So, what do you get when you put two classy artist together? You get a hell of a show! David Bloch Gallery from Marrakech, Morocco has prepared a joint exhibition of two of its resident artists: Vincent Abadie Hafez and Carlos Mare. Two artists that both have their roots planted in graffiti and street art have put their talent, their skills and their inspiration together, and produced a truly great exhibition named Crossing paths – The Intersection of Memories, that visitors will be able to see during December and January.
Although Vincent Abadie Hafez and Carlos Mare have mentioned similarity as they both share the same passion for graffiti and for the written and deconstructed letters, they don’t belong to the same generation: Vincent Abadie Hafez was born in 1977 in Paris, while Carlos Mare was born in 1965 and grew up in East Harlem in New York. However, both Mare and Hafez use Islamic culture in creating a style that is somewhat a hybrid one – a mix of graffiti and abstraction, ancient and contemporary art. Vincent Abadie Hafez started with graffiti at the early age of 12, back in 1989, using Zepha as his nickname. One of Hafez’ main inspiration is traditional and contemporary Arabic calligraphy – artistically written letters, that are packed with religious associations. But, Hafez, in his wish to put together different worlds, also uses Latin alphabet, bringing the West and the East closer together. In a way, Hafez’ work looks like both something familiar and something completely new, fresh and different.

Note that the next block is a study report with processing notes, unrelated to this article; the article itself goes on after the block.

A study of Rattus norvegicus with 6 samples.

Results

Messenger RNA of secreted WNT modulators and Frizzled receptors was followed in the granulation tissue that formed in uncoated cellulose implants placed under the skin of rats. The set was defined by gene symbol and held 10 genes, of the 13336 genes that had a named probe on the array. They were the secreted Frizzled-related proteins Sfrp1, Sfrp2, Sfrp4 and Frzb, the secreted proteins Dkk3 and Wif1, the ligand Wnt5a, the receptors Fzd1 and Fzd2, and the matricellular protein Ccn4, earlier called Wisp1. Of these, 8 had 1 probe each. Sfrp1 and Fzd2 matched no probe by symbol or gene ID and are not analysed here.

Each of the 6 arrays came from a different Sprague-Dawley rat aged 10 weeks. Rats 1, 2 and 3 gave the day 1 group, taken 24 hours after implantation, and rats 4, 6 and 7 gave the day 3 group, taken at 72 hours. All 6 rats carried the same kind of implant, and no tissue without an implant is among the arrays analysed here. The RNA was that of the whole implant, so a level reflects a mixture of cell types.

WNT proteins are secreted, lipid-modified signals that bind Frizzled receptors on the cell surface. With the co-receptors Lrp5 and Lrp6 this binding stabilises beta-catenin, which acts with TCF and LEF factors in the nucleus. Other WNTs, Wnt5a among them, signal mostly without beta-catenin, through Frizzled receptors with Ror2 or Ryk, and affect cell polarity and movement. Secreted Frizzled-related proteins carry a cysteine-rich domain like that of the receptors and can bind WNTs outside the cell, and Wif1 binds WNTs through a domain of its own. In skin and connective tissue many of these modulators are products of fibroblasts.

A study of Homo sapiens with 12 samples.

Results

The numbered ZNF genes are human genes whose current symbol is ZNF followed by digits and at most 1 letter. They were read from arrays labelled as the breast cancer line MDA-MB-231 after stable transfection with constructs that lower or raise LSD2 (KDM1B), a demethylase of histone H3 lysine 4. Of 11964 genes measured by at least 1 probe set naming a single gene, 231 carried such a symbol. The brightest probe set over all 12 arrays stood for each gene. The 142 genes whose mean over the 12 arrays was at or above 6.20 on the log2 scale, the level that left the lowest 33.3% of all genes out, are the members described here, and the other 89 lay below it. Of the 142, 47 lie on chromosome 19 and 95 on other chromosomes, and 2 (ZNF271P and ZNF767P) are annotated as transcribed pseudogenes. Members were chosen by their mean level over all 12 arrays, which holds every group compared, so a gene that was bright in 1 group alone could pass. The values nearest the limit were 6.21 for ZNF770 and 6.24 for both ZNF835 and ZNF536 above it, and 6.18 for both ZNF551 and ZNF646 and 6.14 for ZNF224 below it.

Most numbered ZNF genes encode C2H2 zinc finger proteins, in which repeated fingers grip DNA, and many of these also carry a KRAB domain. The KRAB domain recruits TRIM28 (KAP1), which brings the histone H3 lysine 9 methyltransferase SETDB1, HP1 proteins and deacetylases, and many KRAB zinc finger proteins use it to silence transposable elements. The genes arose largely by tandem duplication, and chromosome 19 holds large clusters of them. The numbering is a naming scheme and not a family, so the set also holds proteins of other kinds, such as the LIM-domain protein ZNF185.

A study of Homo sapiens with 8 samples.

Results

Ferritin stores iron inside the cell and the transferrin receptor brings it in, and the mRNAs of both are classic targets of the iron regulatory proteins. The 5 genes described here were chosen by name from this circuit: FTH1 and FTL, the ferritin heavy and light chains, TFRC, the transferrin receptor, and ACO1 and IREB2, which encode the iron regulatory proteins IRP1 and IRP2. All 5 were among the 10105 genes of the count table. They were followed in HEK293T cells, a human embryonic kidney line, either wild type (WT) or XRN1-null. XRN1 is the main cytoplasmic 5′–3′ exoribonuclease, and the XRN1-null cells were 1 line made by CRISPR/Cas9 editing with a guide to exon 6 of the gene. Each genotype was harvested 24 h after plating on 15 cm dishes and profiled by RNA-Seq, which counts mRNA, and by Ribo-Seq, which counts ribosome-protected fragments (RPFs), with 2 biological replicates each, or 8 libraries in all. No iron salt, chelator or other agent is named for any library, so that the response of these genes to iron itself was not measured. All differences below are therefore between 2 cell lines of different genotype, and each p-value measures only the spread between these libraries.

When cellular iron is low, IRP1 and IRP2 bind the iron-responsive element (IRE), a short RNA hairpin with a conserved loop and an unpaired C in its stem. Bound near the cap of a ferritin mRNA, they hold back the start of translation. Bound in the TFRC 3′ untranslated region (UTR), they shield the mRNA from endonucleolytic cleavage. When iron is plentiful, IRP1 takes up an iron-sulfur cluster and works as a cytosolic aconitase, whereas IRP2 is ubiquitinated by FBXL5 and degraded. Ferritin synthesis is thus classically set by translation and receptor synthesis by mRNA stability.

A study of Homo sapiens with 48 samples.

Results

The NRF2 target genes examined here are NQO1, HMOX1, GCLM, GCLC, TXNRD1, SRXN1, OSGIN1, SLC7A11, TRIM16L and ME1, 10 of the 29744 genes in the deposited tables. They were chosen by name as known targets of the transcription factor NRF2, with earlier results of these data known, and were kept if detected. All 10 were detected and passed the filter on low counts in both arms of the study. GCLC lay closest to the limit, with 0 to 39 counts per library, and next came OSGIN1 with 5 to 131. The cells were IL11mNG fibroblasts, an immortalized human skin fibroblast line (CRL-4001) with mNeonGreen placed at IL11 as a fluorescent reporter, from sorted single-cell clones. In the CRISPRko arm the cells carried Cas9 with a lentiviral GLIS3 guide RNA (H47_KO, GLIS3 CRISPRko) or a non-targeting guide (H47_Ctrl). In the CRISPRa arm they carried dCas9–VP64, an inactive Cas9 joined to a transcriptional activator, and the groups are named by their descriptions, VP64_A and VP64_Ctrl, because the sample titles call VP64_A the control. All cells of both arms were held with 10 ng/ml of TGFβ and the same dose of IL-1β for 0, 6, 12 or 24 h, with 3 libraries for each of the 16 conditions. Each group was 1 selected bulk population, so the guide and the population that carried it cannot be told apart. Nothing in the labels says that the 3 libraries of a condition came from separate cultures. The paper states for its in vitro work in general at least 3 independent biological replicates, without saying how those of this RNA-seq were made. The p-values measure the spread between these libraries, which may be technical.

Graffiti as the Essence
On the other hand, Carlos Mare is Puertorican American contemporary sculptor and painter, but also a renowned theorist and educator. He was a part of that golden age of Metro Graffiti during seventies and eighties in New York, and he became known as Mare139. But, during the eighties, Mare met works by Pablo Picasso, and slowly started to change and push his graffiti art to something new and exciting. He started studying art history, and became influenced by the works of big European cubists, futurists, constructivists and avant garde artists. He started using metal as basis for his sculptures, and this aspect of his art evolved to massive metal volumes that are reappropriating architectural spaces. However, he still used his signature lettering style back from his graffiti days. In 2013, Mare revealed his interest in Islamic architecture and motifs with his exhibition named Unfolding, that also took place at David Bloch Gallery.
Carlos Mare and Vincent Abadie Hafez at David Bloch Gallery
So, we have two great artists that both crossed borders of graffiti art and went into something bigger and yet unknown. Now we will see the results of their joint work, achieved both on a four-hand basis or an individual level. This exhibition Crossing paths – The Intersection of Memories was prepared for two long years, and this is one more reason why we are excited about it. The exhibition at David Bloch Gallery (Rue des Vieux Marrakechis, Marrakech, Morocco) will open on December 18th, and it will be open until January 17th 2016.